Archives and Sensory Experience
Published: September 28, 2016 by Anna Maloney
The spring/summer issue of The American Archivist, the biannual publication of the Society of American Archivists, was arranged around the theme reconsidering archives. In his introduction to the issue, Editor Gregory S. Hunter explains that the goal is to compel archivists to “look again at the ‘stars’ that guide the archival profession.” One of the articles closely aligned with this theme is Anna Chen’s “Perfume and vinegar: Olfactory knowledge, remembrance, and recordkeeping,” which explores the role that the sense of smell plays in personal remembrance and society stereotypes.
The human reliance on sight to capture the world around us has long informed our archival collection and preservation strategies. There are, however, notable efforts to collect, capture, and preserve other sensory experiences as well. Yellowstone National Park has compiled a sound library, which features field recordings of birds, mammals, geysers, and other natural acoustic experiences. And in 2012, London-based designer Amy Radcliffe presented an idea for an analogue odor camera called the Madeleine—“instead of recording light information the way that a camera would to recreate an image, her proposed device would record the molecular information contained in an odor.”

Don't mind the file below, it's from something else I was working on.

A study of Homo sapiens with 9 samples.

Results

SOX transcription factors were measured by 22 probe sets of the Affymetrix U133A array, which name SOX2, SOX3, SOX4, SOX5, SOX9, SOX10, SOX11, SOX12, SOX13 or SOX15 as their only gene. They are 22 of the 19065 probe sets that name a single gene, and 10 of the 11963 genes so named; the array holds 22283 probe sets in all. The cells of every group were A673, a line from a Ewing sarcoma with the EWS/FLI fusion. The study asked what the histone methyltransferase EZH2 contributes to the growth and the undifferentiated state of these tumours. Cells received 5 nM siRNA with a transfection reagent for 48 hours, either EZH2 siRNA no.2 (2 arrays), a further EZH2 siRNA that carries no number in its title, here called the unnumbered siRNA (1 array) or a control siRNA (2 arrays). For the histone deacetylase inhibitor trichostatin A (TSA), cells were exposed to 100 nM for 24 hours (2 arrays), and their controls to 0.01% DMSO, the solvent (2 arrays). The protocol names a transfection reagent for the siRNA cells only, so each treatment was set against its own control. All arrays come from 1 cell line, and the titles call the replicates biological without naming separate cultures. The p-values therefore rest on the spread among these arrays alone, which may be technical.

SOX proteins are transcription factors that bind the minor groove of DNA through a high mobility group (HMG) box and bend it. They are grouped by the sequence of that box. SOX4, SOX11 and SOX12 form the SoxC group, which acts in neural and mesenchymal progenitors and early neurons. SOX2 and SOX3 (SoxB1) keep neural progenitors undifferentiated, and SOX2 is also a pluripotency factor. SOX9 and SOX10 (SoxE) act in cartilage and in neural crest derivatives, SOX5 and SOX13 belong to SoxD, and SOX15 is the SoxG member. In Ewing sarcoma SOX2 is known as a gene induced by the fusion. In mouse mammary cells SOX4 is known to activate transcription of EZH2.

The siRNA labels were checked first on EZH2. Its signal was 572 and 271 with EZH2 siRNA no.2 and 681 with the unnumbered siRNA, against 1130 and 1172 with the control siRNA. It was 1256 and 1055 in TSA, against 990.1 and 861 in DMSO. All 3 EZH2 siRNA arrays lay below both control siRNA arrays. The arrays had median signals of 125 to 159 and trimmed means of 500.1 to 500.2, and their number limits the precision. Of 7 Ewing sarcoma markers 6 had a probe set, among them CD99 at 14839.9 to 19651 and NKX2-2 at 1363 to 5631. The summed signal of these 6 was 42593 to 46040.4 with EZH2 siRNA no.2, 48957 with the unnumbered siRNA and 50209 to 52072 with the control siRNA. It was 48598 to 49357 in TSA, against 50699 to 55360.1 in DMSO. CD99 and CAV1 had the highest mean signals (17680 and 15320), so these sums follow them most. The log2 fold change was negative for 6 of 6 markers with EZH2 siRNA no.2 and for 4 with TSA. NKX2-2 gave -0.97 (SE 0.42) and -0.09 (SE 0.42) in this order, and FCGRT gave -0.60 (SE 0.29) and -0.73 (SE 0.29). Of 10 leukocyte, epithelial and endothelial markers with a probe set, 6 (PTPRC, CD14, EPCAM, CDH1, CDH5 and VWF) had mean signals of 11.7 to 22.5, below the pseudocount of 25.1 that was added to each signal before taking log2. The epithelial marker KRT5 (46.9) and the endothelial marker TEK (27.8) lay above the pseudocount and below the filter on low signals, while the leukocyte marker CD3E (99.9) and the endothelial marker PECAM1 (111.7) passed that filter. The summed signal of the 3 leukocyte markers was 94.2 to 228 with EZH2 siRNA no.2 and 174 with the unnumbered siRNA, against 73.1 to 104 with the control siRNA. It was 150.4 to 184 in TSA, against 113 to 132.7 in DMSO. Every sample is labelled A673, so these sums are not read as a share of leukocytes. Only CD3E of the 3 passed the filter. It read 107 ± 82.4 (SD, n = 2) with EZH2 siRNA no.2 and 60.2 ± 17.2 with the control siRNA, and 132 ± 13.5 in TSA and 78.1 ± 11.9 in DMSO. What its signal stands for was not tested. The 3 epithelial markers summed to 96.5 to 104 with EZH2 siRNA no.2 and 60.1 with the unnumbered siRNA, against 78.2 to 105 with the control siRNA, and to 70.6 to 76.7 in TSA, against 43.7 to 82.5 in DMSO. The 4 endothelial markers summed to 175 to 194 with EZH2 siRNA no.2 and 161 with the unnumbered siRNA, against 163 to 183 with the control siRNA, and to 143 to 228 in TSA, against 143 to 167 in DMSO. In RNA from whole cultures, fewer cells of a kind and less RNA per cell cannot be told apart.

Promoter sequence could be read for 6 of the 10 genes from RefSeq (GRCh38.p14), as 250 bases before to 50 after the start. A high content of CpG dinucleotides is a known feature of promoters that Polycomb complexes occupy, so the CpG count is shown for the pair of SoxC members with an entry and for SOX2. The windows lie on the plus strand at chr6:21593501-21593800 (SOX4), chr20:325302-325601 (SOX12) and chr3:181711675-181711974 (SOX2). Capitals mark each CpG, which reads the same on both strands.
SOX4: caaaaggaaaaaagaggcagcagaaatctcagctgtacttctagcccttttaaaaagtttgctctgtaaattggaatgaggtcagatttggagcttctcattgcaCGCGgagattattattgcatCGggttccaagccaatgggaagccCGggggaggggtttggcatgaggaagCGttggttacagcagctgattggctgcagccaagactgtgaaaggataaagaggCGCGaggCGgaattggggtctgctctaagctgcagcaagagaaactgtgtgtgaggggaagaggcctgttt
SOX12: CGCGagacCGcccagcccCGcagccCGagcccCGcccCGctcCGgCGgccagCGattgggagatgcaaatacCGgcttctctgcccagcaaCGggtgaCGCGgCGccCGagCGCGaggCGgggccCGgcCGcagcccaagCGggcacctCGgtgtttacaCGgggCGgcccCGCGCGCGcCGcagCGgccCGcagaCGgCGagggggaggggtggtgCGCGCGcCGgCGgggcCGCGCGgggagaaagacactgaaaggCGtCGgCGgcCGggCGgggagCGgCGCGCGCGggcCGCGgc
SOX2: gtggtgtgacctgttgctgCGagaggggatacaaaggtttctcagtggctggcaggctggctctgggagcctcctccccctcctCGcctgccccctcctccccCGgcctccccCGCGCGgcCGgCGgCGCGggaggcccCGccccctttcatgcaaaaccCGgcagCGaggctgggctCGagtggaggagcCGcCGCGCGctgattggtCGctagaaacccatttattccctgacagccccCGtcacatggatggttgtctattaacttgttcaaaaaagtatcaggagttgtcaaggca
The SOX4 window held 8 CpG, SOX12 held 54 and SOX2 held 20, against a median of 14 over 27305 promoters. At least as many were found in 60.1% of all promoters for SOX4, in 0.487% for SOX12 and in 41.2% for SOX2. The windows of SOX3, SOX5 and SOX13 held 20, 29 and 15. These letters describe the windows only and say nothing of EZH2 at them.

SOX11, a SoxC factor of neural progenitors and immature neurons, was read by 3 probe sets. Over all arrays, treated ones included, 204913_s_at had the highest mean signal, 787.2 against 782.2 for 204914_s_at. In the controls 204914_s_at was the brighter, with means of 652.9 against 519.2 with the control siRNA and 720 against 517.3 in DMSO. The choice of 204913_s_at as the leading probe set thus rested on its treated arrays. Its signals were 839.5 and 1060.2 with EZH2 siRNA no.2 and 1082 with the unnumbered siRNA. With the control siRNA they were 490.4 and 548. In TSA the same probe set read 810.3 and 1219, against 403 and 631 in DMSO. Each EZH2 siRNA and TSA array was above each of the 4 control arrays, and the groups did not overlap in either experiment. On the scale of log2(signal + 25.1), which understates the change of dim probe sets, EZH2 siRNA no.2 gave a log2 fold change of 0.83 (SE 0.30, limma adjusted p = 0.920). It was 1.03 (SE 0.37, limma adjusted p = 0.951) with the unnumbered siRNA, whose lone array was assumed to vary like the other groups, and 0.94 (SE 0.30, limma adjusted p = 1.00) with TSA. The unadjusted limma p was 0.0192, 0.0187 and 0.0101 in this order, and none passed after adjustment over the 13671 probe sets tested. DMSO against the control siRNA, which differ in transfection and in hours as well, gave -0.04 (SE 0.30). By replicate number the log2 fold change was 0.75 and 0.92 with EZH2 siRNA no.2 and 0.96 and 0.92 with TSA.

Chen’s discussion of olfactory archiving is an important addition to the conversation surrounding cultures of recordkeeping. How can future archivists address the lack of scholarship surrounding ephemeral expression, including oral narrative, theater, and dance, and sensory memories such as sound, smell, taste and touch?